Hudson Maxim Elementary School, the early 80’s. My librarian was Mrs. Bernstein. She once told me she was 92 years old. I don’t know if that was true or not. I don’t know why she told me that either. But she was a woman who loved books and loved children. She took being an elementary school librarian as a gift, and she loved to read to us. To open our minds. To show us that books take us places our lives can’t in our young years, and that they can inspire us to go wherever we want as we get older.
She took my love of history and showed me books on Egyptian mythology, she showed me books about Cheetahs, she encouraged my creative but confused mind to go where it would. To make sense of the world through discovery. It is because of her that I know what a Caldecott Medal is. Named in honor of nineteenth century English Illustrator Randolph Caldecott, it is awarded annually by the Association for Library Service to Children to the artist of the most distinguishing American picture book for children. To her, this was a big deal for a book.
One in particular…she showed me Where the Wild Things Are.
Where The Wild Things Are was read to us in library one day, and it stuck with me from that moment on. The story, the character of Max, the mom. The world he dreamed up. It made sense to me. Sometimes, I wanted to run away too, and I didn’t know why. I didn’t want to have a wild rumpus with monsters, but I wanted to connect with others who understood me. I didn’t feel understood then. I was a square peg in a round hole, and I had not yet discovered how marching to the beat of your own drum was a gift and not a flaw. Maurice Sendak wrote an anthem for me.
My mom bought it for me as a gift some time in my teens, knowing my love for the story, the words, and the illustrations that covered it’s horizontal pages. I would often flip through it for comfort or inspiration. I still do. Something in the story of Max resonated with me. Something about running away from a day in your life that seems too unfair, too out of bounds, too confusing to comprehend. Running away to a world in your dreams where things are as you think they should be. Where you control the day, the night, the outcome. Where your wild things run free.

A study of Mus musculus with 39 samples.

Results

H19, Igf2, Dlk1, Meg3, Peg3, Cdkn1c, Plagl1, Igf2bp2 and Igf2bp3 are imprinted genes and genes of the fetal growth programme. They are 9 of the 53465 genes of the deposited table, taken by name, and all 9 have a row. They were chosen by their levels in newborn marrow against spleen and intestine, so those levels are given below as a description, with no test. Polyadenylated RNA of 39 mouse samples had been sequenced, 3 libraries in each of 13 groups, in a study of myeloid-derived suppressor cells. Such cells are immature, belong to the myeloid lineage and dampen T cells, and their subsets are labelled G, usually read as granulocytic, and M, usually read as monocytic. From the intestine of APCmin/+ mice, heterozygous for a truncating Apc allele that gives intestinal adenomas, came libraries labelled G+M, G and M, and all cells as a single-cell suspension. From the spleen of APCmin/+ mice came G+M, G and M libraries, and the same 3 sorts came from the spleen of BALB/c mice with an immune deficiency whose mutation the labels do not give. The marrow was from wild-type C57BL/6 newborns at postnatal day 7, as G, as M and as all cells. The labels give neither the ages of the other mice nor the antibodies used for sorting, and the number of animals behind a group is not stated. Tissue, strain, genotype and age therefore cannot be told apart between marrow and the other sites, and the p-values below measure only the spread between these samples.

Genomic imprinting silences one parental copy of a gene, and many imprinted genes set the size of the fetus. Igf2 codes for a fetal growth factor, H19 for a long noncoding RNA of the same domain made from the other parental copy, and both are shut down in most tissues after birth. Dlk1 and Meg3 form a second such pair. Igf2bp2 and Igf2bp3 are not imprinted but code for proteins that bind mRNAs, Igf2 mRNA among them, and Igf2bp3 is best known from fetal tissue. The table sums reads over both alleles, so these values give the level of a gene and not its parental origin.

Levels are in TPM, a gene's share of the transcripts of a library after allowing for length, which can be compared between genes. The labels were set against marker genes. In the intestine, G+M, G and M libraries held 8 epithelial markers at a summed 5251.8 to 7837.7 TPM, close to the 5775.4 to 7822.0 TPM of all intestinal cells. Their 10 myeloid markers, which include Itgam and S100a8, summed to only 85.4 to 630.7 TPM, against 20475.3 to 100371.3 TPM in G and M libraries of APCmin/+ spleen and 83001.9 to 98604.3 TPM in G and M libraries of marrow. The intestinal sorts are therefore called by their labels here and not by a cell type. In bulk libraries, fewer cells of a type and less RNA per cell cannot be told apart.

When my son was born, I bought him a copy of his own. I read it to him. We made the noises. It was still magical for me. I had heard from a close friend that there was a movie in production. I pulled up the trailer, and heard the Arcade Fire song come in, and I burst into tears. It hit a deep chord with me. The visuals captured the feeling of the book. The music captured the feeling of the visuals. It was a perfect.
My son and I went and saw it in the theater. It was like taking the book and the emotions and blowing them up until they filled the whole world. Now a single mom with a little boy myself, I found myself in the film. When the end of the movie came…when the mom falls asleep giving Max his dinner, I burst into tears again, only this time with my son. We both cried. It struck us. The confusion of the world that makes us run away, but the comfort of home that anchors us and brings us back. My son is a deep old soul. He understands.
I bought it on DVD. We watched it once. We cried again.
(Maurice Sendak, "I refuse to lie to children.")
Today I read that Maurice Sendak had passed on. He has gone on to be king of his own Wild Things, to have many a wild rumpus, and to roar his wonderful inspiring roar. He brought magic to my life, and played a chord on an instrument buried deep in my heart as a little girl that still rings pure and perfectly in tune today. Mr. Sendak, you reached through those pages into the heart of a little girl. You inspired me to go into my dreams and find who I am, but reminded me how good it feels to know love. A short book of few words, beautiful pictures, and a message of truth, discovery, and home.